Course Number: 578

Sleep Apnea and Relevant Sleep Disorders

The most common sleep disorder is insomnia. Insomnia represents difficulty in initiating and/or maintaining sleep along with daytime tiredness and impairment. Of note to the dentist, sleep bruxism would fall under the umbrella of a sleep movement disorder.

The topic at hand is sleep apnea. Sleep apnea is classified under sleep breathing disorders (SBD). These disorders range from basic snoring to sleep apnea-hypopnea syndrome (SAHS). While snoring may not always present with adverse effects, SAHS is associated with daytime sleepiness and cognitive issues and an increased risk of developing health issues. Central sleep apnea is a form of SAHS which features a diminished central nervous system drive to breathe. Conversely, obstructive sleep apnea (OSA) implies a mechanical impedance to upper airway airflow. It is in this OSA arena that the dental profession has expanded its service line. While there are several ways to manage OSA, one of the management strategies involves use of a specialized oral appliance.

OSA is a result of recurrent episodes of complete or partial blockage of the upper airway despite respiratory effort. Apnea is a cessation of breathing attributed to complete airway obstruction during sleep. Hypopnea involves episodes of labored breathing or a low respiratory rate that does not meet metabolic needs and is attributed to partial obstruction of the airway.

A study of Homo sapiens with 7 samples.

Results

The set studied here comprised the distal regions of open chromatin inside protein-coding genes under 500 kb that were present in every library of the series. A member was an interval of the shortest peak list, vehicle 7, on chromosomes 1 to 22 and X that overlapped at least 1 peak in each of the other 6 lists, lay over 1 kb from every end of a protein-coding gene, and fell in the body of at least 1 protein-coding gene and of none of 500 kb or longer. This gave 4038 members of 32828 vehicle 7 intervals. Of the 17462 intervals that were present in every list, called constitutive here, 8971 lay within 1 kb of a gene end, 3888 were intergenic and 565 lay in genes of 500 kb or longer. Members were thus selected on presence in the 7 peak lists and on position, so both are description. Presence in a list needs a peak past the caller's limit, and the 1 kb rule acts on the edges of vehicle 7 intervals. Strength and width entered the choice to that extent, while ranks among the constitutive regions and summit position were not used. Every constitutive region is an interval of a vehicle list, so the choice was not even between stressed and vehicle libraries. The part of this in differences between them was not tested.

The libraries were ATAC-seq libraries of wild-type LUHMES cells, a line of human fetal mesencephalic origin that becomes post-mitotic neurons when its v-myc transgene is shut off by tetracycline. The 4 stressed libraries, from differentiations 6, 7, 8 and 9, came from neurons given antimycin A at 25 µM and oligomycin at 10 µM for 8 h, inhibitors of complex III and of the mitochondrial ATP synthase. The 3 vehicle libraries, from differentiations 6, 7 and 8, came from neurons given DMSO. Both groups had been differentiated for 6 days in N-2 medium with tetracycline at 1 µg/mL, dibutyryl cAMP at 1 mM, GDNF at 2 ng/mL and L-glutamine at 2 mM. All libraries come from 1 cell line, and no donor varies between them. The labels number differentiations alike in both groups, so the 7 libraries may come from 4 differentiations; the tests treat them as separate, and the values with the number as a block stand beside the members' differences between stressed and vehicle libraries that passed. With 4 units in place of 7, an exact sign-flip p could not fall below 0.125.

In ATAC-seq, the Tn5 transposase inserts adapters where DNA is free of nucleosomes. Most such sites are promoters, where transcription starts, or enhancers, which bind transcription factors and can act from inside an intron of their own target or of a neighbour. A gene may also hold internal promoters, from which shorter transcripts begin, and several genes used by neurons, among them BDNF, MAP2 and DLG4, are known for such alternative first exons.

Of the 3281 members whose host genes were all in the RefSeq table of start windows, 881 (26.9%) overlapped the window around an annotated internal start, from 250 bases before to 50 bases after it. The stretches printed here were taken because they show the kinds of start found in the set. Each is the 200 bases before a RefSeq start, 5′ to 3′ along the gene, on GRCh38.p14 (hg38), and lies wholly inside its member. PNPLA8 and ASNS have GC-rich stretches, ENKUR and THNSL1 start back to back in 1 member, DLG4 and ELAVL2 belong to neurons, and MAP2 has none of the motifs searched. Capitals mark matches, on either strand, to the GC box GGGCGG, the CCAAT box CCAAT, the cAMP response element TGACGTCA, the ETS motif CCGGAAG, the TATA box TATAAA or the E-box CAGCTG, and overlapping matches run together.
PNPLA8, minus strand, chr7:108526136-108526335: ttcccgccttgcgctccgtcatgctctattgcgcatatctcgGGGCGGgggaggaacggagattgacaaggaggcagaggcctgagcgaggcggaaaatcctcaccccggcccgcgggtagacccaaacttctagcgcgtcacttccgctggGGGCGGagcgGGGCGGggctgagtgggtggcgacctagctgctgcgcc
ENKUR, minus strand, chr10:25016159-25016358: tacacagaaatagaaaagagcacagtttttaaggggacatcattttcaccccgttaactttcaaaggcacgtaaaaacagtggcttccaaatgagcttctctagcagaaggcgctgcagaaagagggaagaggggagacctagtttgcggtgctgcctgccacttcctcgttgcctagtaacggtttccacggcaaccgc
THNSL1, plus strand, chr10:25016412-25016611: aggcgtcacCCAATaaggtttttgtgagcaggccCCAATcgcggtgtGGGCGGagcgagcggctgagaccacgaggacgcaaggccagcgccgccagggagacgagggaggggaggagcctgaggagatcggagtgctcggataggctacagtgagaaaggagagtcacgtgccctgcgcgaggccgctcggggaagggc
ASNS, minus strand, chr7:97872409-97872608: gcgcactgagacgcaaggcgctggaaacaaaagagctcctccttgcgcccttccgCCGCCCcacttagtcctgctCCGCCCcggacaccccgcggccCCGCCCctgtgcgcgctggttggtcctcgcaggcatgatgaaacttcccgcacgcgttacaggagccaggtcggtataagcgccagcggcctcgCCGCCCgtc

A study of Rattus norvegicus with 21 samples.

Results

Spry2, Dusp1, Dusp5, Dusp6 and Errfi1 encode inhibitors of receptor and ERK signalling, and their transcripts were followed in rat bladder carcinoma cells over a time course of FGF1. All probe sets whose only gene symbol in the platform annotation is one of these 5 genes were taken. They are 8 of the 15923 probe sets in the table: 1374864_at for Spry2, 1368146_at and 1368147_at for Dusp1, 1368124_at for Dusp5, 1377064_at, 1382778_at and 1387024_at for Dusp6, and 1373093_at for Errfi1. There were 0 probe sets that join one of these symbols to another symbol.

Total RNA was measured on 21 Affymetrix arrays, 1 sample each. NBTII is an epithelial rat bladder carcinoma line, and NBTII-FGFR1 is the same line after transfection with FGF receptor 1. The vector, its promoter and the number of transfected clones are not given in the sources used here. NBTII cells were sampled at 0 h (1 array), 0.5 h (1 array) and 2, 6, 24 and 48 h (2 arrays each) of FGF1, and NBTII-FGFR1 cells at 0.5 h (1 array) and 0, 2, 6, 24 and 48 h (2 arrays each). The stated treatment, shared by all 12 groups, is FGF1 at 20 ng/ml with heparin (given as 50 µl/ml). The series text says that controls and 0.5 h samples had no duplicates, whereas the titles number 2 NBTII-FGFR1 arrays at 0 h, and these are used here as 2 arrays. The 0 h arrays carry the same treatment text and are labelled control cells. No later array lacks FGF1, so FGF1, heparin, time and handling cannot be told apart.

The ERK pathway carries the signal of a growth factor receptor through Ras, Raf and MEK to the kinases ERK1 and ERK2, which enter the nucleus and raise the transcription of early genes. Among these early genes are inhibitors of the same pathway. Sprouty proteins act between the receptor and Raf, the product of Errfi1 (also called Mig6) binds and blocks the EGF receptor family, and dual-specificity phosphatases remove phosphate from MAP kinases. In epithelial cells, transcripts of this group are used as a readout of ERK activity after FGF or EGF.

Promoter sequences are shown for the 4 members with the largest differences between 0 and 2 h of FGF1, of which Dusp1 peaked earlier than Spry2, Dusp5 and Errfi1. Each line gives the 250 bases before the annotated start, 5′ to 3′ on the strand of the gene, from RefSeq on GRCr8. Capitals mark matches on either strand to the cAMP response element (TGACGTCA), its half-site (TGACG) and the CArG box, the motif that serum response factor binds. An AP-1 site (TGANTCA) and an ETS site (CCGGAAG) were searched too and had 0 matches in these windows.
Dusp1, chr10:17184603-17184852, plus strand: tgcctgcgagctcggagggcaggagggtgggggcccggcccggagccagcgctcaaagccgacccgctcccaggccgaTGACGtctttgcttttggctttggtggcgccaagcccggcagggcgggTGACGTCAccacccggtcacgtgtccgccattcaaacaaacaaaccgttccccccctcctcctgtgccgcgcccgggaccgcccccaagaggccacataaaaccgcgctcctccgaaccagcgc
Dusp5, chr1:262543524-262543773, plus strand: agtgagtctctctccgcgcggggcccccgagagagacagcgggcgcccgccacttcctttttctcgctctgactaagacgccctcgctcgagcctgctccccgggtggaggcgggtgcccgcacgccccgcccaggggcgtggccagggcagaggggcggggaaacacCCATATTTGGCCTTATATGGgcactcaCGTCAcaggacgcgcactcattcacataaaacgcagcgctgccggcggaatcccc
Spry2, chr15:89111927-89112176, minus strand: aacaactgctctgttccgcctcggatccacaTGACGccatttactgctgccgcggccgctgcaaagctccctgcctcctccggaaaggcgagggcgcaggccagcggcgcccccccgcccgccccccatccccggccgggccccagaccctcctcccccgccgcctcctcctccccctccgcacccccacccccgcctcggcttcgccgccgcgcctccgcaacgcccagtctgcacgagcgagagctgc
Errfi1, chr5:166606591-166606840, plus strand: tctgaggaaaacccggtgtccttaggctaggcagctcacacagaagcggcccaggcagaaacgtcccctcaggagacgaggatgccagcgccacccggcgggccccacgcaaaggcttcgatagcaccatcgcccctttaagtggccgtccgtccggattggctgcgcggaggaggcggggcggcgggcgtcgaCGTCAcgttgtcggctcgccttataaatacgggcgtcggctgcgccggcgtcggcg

An obstructive apnea or hypopnea event, by definition, lasts at least 10 seconds and meets one of the two following features (AASM Task Force, 1999):

  1. Substantial reduction in airflow (> 50%) relative to a baseline of the preceding two minutes.

  2. Moderate reduction in airflow (< 50%) with blood oxygen desaturation (> 3%) relative to a baseline of the preceding two minutes or an electroencephalographic evidence of cortical arousal.

Per the American Academy of Dental Sleep Medicine (, apnea and hypopnea can be further defined:

  • Apnea is reported when there is ≥90% reduction in airflow for >10 seconds.

  • Hypopnea is scored when all of the following criteria are met:

  1. The peak signal excursions drop by ≥30% of pre-event baseline using nasal pressure (diagnostic study), PAP device flow (titration study), or an alternative hypopnea sensor (diagnostic study).

  2. The duration of the ≥30% drop in signal excursion is ≥10 seconds.

  3. There is a ≥3% oxygen desaturation from pre-event baseline and/or the event is associated with an arousal.

# A complete scoring of a polysomnogram is beyond the scope of this presentation. Interested readers are encouraged to review resources available at the AASM website.

## MEDICARE scores OSA differently.

The AASM Scoring Manual recommended definition requires that changes in flow be associated with a 3% oxygen desaturation or a cortical arousal, but allows an alternative definition that requires association with a 4% oxygen desaturation without consideration of cortical arousals.